Blinken says not in US interests to stay in Afghanistan

US Secretary of State Antony Blinken rejected comparisons with the chaotic American departure from Saigon in 1975 as the Vietnam War drew to a close.
US Secretary of State Antony Blinken rejected comparisons with the chaotic American departure from Saigon in 1975 as the Vietnam War drew to a close.PHOTO: AFP

WASHINGTON (REUTERS, AFP) - US Secretary of State Antony Blinken told CNN on Sunday (Aug 15) that it was not in the interests of the United States to remain in Afghanistan, as Taleban insurgents entered the capital Kabul.

Mr Blinken said Washington had invested billions of dollars over four US administrations in Afghan government forces, giving them advantages over the Taleban, but they have failed to beat back the Taleban's advance.

"The fact of the matter is we've seen that force has been unable to defend the country," he said. "And that has happened more quickly than we anticipated."

US embassy staff in Kabul were being moved on Sunday to the airport as Taleban forces advanced on the Afghan capital, Mr Blinken added.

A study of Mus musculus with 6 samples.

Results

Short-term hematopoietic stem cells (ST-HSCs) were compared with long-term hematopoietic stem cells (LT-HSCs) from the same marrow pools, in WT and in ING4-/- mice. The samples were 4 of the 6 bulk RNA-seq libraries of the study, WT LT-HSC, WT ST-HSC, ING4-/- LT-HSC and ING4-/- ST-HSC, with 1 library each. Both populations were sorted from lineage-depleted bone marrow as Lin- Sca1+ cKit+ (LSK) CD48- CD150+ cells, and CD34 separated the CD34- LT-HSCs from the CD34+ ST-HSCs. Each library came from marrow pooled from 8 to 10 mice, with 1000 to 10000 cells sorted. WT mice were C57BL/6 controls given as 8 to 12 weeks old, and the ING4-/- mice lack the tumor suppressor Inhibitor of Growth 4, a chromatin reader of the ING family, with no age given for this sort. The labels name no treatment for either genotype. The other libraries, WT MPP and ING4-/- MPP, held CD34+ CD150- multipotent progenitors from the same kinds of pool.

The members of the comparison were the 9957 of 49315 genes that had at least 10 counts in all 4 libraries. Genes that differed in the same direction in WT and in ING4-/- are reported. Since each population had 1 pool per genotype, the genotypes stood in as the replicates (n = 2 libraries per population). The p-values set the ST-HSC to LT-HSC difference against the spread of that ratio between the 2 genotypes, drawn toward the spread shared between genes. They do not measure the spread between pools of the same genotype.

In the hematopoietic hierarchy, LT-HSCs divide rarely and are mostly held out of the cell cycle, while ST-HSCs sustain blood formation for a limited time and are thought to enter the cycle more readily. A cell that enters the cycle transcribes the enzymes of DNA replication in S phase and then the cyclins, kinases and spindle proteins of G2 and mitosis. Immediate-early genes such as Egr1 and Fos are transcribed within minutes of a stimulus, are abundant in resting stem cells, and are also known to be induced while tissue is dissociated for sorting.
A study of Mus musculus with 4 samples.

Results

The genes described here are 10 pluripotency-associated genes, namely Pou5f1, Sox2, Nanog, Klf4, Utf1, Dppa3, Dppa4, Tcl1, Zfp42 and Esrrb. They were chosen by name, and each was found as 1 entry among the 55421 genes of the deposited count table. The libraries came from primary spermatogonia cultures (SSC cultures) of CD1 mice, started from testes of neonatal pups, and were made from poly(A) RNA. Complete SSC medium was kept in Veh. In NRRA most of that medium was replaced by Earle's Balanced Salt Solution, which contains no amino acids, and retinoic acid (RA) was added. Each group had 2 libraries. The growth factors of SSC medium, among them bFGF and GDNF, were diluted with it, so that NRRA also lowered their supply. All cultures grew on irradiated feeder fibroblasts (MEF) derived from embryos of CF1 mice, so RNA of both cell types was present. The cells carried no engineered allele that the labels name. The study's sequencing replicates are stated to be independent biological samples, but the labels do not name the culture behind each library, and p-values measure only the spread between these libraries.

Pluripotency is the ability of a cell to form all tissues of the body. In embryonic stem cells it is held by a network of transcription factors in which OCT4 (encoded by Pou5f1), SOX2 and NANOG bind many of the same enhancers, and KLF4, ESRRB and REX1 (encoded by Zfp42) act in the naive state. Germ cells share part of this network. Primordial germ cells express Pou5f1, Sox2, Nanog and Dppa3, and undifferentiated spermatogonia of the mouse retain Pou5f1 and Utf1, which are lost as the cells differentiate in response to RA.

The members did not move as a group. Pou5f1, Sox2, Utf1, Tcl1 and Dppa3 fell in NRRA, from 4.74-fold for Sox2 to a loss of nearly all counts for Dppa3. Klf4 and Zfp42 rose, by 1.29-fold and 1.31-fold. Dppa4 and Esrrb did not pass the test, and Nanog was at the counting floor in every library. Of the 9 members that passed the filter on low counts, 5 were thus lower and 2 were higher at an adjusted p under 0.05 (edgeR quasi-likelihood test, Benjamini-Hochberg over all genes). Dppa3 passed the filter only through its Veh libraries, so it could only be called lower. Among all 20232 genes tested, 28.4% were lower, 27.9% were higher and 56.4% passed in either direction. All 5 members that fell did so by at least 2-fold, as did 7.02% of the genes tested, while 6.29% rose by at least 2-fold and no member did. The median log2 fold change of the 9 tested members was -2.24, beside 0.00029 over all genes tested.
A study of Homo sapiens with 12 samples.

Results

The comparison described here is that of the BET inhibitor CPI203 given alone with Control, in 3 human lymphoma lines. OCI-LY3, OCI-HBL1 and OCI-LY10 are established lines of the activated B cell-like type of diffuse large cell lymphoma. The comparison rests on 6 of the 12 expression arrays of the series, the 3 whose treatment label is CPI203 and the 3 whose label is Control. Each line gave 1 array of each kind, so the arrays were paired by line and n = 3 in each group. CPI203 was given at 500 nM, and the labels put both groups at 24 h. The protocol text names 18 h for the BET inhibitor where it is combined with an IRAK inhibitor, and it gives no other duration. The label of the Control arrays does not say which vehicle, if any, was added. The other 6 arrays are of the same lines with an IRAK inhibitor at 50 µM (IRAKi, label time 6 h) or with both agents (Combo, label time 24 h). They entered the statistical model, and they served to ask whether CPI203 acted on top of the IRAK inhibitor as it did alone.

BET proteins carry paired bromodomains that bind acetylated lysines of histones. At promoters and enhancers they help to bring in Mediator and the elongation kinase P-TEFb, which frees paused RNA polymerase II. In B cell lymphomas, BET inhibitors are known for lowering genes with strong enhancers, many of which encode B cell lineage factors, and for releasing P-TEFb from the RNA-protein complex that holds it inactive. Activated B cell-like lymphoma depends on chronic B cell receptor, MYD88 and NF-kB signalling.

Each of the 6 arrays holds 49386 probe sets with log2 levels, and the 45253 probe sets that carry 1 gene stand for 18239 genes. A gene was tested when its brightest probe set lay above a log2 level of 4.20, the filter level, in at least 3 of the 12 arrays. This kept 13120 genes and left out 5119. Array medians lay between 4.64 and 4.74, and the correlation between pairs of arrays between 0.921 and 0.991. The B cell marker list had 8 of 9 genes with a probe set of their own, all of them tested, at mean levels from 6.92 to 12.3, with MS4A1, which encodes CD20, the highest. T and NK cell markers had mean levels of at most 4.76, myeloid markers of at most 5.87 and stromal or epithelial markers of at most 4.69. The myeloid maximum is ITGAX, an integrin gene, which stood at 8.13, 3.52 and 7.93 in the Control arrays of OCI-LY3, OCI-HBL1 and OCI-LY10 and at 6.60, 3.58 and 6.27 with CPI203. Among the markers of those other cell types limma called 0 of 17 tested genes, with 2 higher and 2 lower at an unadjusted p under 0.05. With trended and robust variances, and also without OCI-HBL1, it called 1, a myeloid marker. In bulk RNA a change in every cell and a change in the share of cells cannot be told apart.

The Taleban were on the brink of total victory, with their fighters ordered to wait on the outskirts of Kabul and the government conceding it was preparing for a "transfer of power".

"It's why we had forces on hand to make sure we could do this in a safe and orderly fashion. The compound itself, folks are leaving there and going to the airport," Mr Blinken told ABC.

Despite the precipitous move, he rejected comparisons with the chaotic American departure from Saigon in 1975 as the Vietnam War drew to a close.

"This is not Saigon," he said. "The fact of the matter is this: We went to Afghanistan 20 years ago with one mission in mind. That was to deal with the people that attacked us on 9/11. That mission has been successful."

The Taleban's militants surrounded Kabul following an astonishingly quick rout of government forces, who proved incapable of holding on to territory without US military support.

The fall of Kabul will see the hardline group take back power two decades after US-led forces toppled it in the wake of the Sept 11, 2001, attacks.